Turtle Shells

Imagine how fast a turtle would be without its shell. The shell of an Aladbra Giant Tortoise weighs in at about 31% of the entire creature's mass. It would be like the average American female carrying a forty-pound backback everywhere she went. The fastest two minutes in sports would take quite a bit longer if Secretariat's jockey was Andre the Giant.

Turtles have shells. They could spend their entire lives denying this fact, but it wouldn't make it any less true. Turtles have shells and they are slow.

Aesop would have you believe that slow and steady wins the race, but this couldn't be further from the truth. Usain Bolt wins the race. Bugatti Veyron Super Sports win the race. Hares win the race.

A turtle must wonder how much better life would be without that silly thing. How much easier would life be without that shell weighing things down? How much easier would that be on the legs? How much faster could it get around? How much more nourishment, water, and fun could a turtle find if it had increased mobility?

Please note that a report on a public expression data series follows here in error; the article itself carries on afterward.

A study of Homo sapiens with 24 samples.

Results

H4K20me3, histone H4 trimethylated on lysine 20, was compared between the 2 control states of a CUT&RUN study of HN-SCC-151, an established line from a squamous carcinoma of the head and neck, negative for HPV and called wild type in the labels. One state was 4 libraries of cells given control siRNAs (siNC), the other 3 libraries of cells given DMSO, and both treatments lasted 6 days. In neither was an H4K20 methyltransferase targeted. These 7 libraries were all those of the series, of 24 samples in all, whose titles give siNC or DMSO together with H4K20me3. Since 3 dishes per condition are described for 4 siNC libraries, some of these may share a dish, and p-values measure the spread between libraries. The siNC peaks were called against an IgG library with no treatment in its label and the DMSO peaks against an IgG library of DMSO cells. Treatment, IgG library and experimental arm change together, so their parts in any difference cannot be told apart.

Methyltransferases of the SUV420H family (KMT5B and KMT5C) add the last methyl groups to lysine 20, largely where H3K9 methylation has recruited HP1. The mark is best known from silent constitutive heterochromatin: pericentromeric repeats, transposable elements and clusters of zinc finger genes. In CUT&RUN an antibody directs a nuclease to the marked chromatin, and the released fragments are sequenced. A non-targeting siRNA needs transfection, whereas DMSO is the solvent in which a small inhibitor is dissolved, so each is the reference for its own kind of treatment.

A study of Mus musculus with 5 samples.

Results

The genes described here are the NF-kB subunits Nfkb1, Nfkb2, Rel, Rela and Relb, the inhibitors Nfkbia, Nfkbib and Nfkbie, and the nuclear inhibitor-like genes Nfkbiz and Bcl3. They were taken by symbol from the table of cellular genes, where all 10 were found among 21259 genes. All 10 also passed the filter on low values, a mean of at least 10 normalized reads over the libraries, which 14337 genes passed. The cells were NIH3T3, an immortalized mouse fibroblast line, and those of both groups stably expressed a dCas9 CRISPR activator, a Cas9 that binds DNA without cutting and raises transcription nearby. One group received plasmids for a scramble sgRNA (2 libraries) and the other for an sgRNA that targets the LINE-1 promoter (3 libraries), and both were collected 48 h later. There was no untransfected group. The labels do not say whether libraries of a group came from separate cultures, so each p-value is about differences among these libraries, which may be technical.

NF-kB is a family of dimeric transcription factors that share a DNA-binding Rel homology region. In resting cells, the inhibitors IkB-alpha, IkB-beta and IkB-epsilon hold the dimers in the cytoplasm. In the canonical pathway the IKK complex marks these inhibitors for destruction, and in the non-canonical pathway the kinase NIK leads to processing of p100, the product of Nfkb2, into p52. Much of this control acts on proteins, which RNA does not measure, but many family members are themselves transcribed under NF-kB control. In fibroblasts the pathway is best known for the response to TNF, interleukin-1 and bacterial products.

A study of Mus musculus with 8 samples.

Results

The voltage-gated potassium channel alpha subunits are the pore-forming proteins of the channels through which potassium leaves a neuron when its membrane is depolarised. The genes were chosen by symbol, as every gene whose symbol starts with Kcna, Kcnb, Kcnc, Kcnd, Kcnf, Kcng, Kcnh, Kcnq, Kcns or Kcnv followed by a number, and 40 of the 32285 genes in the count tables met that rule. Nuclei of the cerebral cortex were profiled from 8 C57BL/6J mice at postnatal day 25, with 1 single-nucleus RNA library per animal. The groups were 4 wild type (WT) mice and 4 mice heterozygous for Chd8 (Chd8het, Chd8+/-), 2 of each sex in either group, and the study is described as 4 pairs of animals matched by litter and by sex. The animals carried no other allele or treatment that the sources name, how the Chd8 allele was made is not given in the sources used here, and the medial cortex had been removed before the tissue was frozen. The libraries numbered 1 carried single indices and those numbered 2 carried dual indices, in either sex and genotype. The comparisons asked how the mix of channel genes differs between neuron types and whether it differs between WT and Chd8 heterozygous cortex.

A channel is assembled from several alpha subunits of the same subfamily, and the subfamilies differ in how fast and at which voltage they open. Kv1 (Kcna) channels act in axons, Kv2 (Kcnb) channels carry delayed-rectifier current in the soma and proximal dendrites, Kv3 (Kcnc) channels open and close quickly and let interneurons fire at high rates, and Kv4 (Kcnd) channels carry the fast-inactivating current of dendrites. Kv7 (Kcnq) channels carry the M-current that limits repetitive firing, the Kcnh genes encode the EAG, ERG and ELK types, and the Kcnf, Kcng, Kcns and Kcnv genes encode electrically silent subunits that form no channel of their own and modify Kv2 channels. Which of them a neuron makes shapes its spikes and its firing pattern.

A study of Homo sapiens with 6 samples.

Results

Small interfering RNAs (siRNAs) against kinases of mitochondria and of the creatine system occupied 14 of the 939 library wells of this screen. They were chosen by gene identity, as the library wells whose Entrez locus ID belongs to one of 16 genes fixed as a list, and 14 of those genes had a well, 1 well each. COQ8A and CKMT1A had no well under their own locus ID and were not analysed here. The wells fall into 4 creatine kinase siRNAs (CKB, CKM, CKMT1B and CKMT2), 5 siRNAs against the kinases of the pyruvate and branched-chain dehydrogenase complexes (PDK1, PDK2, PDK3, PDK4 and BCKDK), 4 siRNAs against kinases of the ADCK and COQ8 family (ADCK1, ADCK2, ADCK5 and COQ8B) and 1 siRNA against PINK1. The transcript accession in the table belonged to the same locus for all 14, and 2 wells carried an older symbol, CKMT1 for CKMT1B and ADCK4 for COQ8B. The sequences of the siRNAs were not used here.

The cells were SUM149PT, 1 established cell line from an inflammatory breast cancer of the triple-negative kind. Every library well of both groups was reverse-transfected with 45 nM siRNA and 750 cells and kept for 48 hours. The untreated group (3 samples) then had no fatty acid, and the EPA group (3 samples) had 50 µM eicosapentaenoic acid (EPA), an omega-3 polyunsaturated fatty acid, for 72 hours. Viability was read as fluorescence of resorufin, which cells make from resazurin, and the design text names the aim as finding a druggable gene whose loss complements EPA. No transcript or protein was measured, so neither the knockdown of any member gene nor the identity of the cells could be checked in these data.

Forget that the shell serves as permanent shelter. Forget that the shell is a turtle's single best defense against predator attacks. Forget that in large part because of the shell turtles have survived over 220 million years on earth. Shells are oppressive. Turtles must revolt.

The only problem is this: a turtle shell is not just figuratively the animal's backbone. A turtle shell is the backbone. It's about 60 bones worth of a turtle's skeleton. Without it, a turtle cannot live.

It's easy for us to think we carry the world's weight on our shoulders. It's easy to think that if that shell would just go away, everything would be better. It's easy to think that the cost of our shells far exceed their benefit. It's easy to forget that the one thing keeping us together is the one thing keeping us together.

It's easy to underestimate benefits and exaggerate costs.